It is quite likely that, at some point in the not so distant future, our moon will have a satellite of its own.
This is because, as rumor has it, NASA is seriously considering the possibility of capturing an asteroid and bringing it fairly close to the moon.
More precisely: they intend to place it as close to the moon as necessary for the rocky formation to begin orbiting it. As some have put it, the main idea is to “gift” the moon with a moon.
This information was leaked by a team of specialists working with the Keck Institute for Space Studies in California, who argued that the main drive behind this project had to do with the fact that the Obama administration in the US intended to sooner or later have astronauts explore near-Earth asteroids.
For the time being, a space rock referred to as 1999 AO10 is considered to be a favorable target.
However, one such mission would bring astronauts face to face with significant threats, seeing how it would last for about six months and it would expose the crew to significant amounts of radiation found outside our planet's protective magnetic field.
Because of this, bringing an asteroid closer to Earth is regarded by many as a wiser option.
“The two major conclusions from the KISS study are: 1) that it appears feasible to identify, capture and return an entire ~7-m diameter, ~500,000-kg near-Earth asteroid to a high lunar orbit using technology that is or could be available in this decade, and 2) that such an endeavor may be essential technically and programmatically for the success of both near-term and long-term human exploration beyond low-Earth orbit,” reads the report published by the Keck Institute for Space Studies.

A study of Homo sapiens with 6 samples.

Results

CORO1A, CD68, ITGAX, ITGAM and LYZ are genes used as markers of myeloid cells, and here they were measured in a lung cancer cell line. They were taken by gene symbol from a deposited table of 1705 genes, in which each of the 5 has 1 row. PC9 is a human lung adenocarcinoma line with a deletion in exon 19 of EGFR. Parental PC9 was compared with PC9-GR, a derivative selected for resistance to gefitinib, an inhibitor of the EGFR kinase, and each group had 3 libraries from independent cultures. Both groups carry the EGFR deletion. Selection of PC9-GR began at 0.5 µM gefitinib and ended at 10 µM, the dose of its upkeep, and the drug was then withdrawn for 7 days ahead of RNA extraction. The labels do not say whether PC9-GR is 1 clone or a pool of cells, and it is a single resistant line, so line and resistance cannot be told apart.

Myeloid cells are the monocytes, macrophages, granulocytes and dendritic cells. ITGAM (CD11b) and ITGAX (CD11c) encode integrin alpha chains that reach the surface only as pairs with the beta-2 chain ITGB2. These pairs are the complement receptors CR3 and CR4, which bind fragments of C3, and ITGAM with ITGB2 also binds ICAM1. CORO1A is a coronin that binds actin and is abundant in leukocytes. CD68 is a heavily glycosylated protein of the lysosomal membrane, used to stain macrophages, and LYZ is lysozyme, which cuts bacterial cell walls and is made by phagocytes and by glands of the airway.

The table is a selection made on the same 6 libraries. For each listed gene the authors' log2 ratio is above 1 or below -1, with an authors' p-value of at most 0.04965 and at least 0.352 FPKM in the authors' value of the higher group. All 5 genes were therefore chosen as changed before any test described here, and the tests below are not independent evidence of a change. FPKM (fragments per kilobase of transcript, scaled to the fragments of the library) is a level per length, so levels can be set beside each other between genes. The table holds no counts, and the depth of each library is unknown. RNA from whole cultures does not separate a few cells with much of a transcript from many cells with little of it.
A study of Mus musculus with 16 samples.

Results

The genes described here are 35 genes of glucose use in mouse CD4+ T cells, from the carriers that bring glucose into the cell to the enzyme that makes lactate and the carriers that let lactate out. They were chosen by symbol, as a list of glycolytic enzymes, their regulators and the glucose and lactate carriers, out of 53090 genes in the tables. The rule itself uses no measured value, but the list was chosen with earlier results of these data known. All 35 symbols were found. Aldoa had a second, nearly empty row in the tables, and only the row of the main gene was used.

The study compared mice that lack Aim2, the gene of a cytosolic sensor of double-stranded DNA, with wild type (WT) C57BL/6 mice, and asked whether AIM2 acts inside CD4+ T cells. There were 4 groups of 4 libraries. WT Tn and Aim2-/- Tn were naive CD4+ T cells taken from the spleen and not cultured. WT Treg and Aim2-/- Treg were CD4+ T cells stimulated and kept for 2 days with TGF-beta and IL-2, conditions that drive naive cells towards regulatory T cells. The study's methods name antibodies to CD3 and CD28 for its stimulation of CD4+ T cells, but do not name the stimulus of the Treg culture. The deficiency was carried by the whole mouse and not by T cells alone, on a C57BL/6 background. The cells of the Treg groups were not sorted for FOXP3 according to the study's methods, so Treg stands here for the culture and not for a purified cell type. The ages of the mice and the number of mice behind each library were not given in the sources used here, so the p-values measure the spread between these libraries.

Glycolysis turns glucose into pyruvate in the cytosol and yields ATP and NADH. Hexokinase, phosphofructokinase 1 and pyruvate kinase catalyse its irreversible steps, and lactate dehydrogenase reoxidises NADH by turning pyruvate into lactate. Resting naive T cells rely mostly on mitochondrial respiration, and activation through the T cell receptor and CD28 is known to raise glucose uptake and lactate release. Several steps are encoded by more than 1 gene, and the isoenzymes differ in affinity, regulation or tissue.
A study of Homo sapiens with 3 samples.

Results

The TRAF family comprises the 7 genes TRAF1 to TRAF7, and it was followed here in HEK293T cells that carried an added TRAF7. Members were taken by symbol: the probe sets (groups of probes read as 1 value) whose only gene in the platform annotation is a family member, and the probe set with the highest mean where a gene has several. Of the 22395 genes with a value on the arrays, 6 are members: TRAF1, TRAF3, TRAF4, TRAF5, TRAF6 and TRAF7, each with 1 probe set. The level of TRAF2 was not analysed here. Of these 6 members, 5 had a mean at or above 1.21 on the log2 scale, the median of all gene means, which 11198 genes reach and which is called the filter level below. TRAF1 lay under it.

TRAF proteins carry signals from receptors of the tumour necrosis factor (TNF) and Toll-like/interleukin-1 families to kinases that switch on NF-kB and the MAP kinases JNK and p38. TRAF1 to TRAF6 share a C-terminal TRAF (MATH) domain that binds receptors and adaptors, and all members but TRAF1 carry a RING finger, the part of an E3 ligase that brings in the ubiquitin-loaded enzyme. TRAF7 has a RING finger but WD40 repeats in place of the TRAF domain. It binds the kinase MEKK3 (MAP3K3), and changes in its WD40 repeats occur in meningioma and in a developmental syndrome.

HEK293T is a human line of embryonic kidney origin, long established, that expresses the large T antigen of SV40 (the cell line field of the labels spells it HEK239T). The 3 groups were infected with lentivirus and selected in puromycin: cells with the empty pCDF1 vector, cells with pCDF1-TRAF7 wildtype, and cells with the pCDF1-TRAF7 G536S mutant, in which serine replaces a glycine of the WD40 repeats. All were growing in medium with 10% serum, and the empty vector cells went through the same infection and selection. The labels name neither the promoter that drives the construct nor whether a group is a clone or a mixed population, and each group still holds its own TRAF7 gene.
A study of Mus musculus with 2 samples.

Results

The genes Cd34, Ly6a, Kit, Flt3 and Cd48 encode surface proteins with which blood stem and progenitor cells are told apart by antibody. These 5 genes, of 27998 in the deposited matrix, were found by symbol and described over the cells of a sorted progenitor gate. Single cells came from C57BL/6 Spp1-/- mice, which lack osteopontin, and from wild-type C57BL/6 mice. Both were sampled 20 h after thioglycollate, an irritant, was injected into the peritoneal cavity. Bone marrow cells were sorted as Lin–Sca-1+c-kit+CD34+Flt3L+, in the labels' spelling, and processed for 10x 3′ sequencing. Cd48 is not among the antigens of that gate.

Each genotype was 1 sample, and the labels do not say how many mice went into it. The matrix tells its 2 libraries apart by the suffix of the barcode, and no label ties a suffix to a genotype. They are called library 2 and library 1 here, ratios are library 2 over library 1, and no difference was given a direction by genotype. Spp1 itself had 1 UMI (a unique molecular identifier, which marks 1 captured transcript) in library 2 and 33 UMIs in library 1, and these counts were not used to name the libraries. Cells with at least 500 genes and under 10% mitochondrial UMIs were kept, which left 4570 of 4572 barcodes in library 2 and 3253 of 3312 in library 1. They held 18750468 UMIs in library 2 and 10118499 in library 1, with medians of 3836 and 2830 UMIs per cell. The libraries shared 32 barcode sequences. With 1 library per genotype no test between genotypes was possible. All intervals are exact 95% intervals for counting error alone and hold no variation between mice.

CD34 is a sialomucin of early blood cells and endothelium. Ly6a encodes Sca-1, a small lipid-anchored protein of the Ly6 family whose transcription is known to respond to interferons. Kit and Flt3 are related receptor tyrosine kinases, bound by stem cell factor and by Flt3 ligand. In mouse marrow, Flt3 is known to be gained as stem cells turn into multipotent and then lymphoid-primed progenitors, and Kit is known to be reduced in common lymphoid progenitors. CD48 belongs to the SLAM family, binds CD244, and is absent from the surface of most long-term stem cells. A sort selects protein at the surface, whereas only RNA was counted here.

The same report argues that having an asteroid orbit the moon is something that could be achieved by 2025 at the latest.
In case anyone was wondering about the costs of capturing an asteroid and making it orbit the moon, it seems that, all things considered, this project would amount to a whopping $2.6 billion (€1.96 billion).
In other words, it would be a tad more expensive than the Curiosity rover now in charge of exploring Mars, Gizmodo explains.